Former New England Patriots tight end Aaron Hernandez is facing a charge of murder. He’s being held without bail as the investigation into the death of semi-pro football player Odin Lloyd continues to unfold. The body of the 27-year-old was found on June 17 in North Attleborough, Mass. not far from Hernandez’s home. Shortly after his arrest on Wednesday, New England released Hernandez, who had signed a 5-year, $40 million dollar contract extension last summer.
Bill Littlefield spoke with Tom E. Curran, who covers the Patriots and the NFL for Comcast Sports New England.
BL: On Wednesday, Hernandez appeared in Attleboro District Court for his arraignment. He and the victim, Odin Lloyd had been friends. They were allegedly together on the night Lloyd was shot to death. The Bristol County District Attorney laid out a lengthy description of Hernandez’s travels that night. What stood out to you about the courtroom proceedings?
TC: A couple of things. First off, the charge of first-degree murder when most of us had speculated and thought for about a week’s time, “Nah, no way Aaron Hernandez could be the lead dog in what appears to me a murder.” Lloyd texting at 3:23 [a.m. on the night of his death] and saying to his sister: You know who I’m with, right? NFL. And then the taillights of Hernandez’s rental car being seen entering an industrial park. A neighbor saying they heard gunshots ring out between 3:23 and 3:27. And then the industrial park video surveillance camera seeing Hernandez’s rental car pull out.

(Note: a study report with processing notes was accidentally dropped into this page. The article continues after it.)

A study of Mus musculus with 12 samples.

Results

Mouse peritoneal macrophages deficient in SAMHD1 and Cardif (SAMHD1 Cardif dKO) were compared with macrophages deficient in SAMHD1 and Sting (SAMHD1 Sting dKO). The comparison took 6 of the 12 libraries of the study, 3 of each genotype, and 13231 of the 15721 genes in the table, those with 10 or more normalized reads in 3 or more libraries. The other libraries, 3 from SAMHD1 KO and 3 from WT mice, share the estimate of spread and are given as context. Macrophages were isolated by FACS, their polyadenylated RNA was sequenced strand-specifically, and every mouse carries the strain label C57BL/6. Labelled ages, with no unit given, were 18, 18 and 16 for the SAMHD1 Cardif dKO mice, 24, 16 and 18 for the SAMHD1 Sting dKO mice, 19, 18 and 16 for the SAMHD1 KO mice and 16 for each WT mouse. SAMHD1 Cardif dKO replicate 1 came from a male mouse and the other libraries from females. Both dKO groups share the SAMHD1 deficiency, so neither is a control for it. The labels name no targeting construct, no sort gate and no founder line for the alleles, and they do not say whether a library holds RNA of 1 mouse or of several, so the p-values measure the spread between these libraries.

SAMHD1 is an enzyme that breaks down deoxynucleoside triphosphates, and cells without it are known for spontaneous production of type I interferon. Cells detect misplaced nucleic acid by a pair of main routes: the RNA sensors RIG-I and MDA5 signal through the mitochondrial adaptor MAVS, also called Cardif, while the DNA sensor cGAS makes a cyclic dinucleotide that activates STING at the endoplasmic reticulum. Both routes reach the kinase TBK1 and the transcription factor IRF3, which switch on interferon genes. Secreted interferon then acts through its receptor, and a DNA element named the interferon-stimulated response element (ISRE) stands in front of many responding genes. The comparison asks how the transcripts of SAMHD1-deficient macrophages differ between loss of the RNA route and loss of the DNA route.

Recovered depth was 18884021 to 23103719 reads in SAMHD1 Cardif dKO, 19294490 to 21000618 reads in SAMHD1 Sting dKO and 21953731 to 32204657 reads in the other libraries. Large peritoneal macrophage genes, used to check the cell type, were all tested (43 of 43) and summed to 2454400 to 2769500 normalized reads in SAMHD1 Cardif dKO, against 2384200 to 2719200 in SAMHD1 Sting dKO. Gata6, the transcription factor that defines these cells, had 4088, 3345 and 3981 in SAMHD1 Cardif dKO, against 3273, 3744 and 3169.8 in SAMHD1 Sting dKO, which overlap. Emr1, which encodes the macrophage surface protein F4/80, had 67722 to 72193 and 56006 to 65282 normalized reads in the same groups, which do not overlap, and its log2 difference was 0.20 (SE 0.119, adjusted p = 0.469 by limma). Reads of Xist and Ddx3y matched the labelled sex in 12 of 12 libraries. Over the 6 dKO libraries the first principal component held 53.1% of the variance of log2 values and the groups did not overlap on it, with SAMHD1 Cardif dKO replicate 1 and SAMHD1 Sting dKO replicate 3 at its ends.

BL: Hernandez’s lawyer pointed out that the evidence the district attorney presented was circumstantial. That’s how he characterized it. Do you expect that to change in the coming months before Hernandez goes to trial?
TC: If you get an eyewitness, i.e. one of the other individuals who is alleged to have been in the car with Hernandez to testify, then the circumstantial goes out the window. And if the murder weapon is found then also goes the circumstantial evidence, I believe. Right now, it is circumstantial certainly, but that that timeline and other details the D.A.’s office pointed out were pretty damning, I thought.
BL: According to multiple media reports, investigators are now trying to determine if Hernandez was involved in a double murder last year when two men in a car were shot after leaving a Boston nightclub. What do you know about that case?
TC: That case I had heard rumored during the week, Bill. As I tried to gather evidence, I heard that, ‘Hey, before this is over, you may hear Hernandez’s name linked to other murders.’ By the end of the week, that was the case. My suspicion is that somehow the individuals who were involved the night that Odin Lloyd died may have been the same types of individuals or the same individuals involved last July 13 in [Boston’s] Theatre District when two men were killed.
BL: Tom, since this story broke, there have been a lot of reports indicating teams passed on Aaron Hernandez in the 2010 NFL draft because of red flags about his character, including failed drug tests while at Florida. Were there other red flags during his three years with the Patriots?
TC: Not that were apparent to the media. Interestingly though, you’ll hear teammates lament the kind of guy he was. For instance, Matt Light, retired left tackle of the Patriots, said this week to the Dayton Daily News, [in essence]: Nothing that Aaron Hernandez stands for or is about is anything that I endorse. … My question is: Teams are billion-dollar companies. I understand drafting someone who might have a history of things and wondering if you can bring him around in your system. But if these acts were going on and teammates in his own locker room were saying, ‘he’s not really a good guy,’ shouldn’t that player have an awful lot of company from security and people watching his every movement?